How to Find Blocking Queries in SQL Server

How to Find Blocking Queries in SQL Server

In this article, I am going to discuss how to find blocking queries in SQL Server in detail. Please read our previous article where we discussed How to handle deadlock error using try/catch in SQL Server. At the end of this article you will understand what are blocking queries and how to find the blocking queries in SQL Server with an example.

What are Blocking Queries in SQL Server?

In SQL Server, blocking occurs if there are some open transactions. Let us understand this with an example. We are going to use the following table in this demo.

What are Blocking Queries in SQL Server?

Please use the following SQL Script to Create and populate the table with the required data.

-- Create table TableA
CREATE TABLE TableA
(
    ID INT,
    Name NVARCHAR(50)
)
Go

-- Insert some test data
INSERT INTO TableA values (101, 'Anurag')
INSERT INTO TableA values (102, 'Mohanty')
Go

Now execute the following 2 SQL Statements

BEGIN TRANSACTION
UPDATE TableA SET Name = ‘Anurag Updated’ WHERE Id = 101

Now from a different window, try to execute any of the following commands and you will notice that all the queries are blocked. 

SELECT Count(*) FROM TableA
DELETE FROM TableA WHERE Id = 101
TRUNCATE TABLE TableA
DROP TABLE TableA

The reason is there is an open transaction. So, once the open transaction is completed, then only you will be able to execute the above queries. So the important question that comes to your mind is- 

How to identify all the active transactions which are not completed?  

One way to do identify this is by using the DBCC OpenTran command. The DBCC OpenTran statement will display only the oldest active transaction. It is not going to show you all the open transactions.
DBCC OpenTran 

The following SQL script you can use to identify all the active transactions. 

SELECT
    [s_tst].[session_id],
    [s_es].[login_name] AS [Login Name],
    DB_NAME (s_tdt.database_id) AS [Database],
    [s_tdt].[database_transaction_begin_time] AS [Begin Time],
    [s_tdt].[database_transaction_log_bytes_used] AS [Log Bytes],
    [s_tdt].[database_transaction_log_bytes_reserved] AS [Log Rsvd],
    [s_est].text AS [Last T-SQL Text],
    [s_eqp].[query_plan] AS [Last Plan]
FROM
    sys.dm_tran_database_transactions [s_tdt]
JOIN
    sys.dm_tran_session_transactions [s_tst]
ON
    [s_tst].[transaction_id] = [s_tdt].[transaction_id]
JOIN
    sys.[dm_exec_sessions] [s_es]
ON
    [s_es].[session_id] = [s_tst].[session_id]
JOIN
    sys.dm_exec_connections [s_ec]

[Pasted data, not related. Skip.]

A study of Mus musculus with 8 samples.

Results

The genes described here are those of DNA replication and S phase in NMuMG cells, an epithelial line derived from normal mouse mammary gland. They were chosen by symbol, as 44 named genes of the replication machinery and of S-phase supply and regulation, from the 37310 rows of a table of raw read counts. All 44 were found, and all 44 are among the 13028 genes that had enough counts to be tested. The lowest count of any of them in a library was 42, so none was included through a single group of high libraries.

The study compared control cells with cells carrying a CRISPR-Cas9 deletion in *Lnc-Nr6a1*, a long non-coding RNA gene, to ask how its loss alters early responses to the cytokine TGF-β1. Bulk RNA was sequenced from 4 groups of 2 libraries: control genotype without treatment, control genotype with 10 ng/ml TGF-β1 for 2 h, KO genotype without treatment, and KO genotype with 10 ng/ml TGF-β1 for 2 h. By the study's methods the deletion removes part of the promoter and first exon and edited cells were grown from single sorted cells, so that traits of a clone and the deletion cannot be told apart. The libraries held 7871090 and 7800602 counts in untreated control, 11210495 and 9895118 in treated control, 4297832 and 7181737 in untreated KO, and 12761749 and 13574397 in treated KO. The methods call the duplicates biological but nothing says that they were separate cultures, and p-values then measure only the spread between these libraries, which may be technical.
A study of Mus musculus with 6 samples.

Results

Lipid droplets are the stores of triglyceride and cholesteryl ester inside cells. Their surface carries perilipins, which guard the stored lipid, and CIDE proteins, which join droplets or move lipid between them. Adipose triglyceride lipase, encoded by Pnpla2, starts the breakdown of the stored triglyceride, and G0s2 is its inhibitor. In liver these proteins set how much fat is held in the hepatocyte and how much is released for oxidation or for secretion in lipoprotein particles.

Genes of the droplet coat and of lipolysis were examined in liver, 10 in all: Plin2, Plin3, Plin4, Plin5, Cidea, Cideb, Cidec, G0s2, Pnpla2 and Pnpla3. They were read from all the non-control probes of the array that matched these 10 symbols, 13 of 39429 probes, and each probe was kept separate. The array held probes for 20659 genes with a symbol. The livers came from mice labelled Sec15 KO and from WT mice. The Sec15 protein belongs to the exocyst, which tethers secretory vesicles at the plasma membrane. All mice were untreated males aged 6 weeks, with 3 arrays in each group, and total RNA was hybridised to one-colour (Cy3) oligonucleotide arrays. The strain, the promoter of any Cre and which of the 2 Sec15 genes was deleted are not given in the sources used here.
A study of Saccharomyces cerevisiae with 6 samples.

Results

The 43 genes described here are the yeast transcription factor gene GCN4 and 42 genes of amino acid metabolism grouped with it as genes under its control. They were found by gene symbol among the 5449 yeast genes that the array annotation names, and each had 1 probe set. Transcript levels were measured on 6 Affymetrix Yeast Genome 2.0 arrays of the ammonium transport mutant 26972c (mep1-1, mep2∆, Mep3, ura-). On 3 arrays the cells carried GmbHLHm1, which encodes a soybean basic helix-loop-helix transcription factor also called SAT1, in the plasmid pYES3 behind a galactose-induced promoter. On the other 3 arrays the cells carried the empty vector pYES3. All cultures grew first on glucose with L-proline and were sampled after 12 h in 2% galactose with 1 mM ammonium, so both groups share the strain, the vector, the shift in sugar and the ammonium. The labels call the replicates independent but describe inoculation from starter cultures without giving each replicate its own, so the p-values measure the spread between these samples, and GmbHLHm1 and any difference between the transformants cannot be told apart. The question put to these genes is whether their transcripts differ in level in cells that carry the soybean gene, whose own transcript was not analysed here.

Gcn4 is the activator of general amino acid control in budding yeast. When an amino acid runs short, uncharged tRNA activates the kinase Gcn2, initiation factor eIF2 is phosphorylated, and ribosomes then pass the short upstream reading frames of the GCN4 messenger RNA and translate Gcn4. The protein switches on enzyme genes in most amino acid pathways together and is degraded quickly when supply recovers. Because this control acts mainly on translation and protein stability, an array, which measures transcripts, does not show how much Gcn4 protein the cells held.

ON
    [s_ec].[session_id] = [s_tst].[session_id]
LEFT OUTER JOIN
    sys.dm_exec_requests [s_er]
ON
    [s_er].[session_id] = [s_tst].[session_id]
CROSS APPLY
    sys.dm_exec_sql_text ([s_ec].[most_recent_sql_handle]) AS [s_est]
OUTER APPLY
    sys.dm_exec_query_plan ([s_er].[plan_handle]) AS [s_eqp]
ORDER BY
    [Begin Time] DESC;
GO
When you execute the above SQL Script, it will give you the following output.

How to Find Blocking Queries in SQL Server

The above SQL Script gives you a lot of useful information about open transactions such as

  1. Session Id
  2. Login Name
  3. Database Name
  4. Transaction Begin Time
  5. The actual query that is executed 

So once you got the above information, then you can ask the respective developer to either commit or rollback the transactions that have left open unintentionally so that you can proceed further.

That’s cool. But if for some reason the person who initiated the transaction is not available, then also you have the option to KILL the associated process. However, this may have unintended consequences, so use it with extreme caution. 

There are 2 ways available in SQL Server to kill the process are as follows.

Killing the process using SQL Server Activity Monitor:
  1. Right Click on the Server Name in Object Explorer and then select the “Activity Monitor” option.
  2. In the “Activity Monitor” window expand the Processes section
  3. Finally, right click on the associated “Session ID” and select “Kill Process” from the context menu as shown in the below image.

How to Find Blocking Queries in SQL Server

Killing the process using SQL command: 

KILL Process_ID 

For example: KILL 42

What happens when you kill a session?

All the work that has been done by the transaction will be rolled back. The database must be put back in the state it was before the transaction was started. 

In the next article, I am going to discuss Database Normalization in SQL Server. Here, in this article, I try to explain the how to find blocking queries in SQL Server. I hope this article will help you with your need. I would like to have your feedback. Please post your feedback, question, or comments about this article.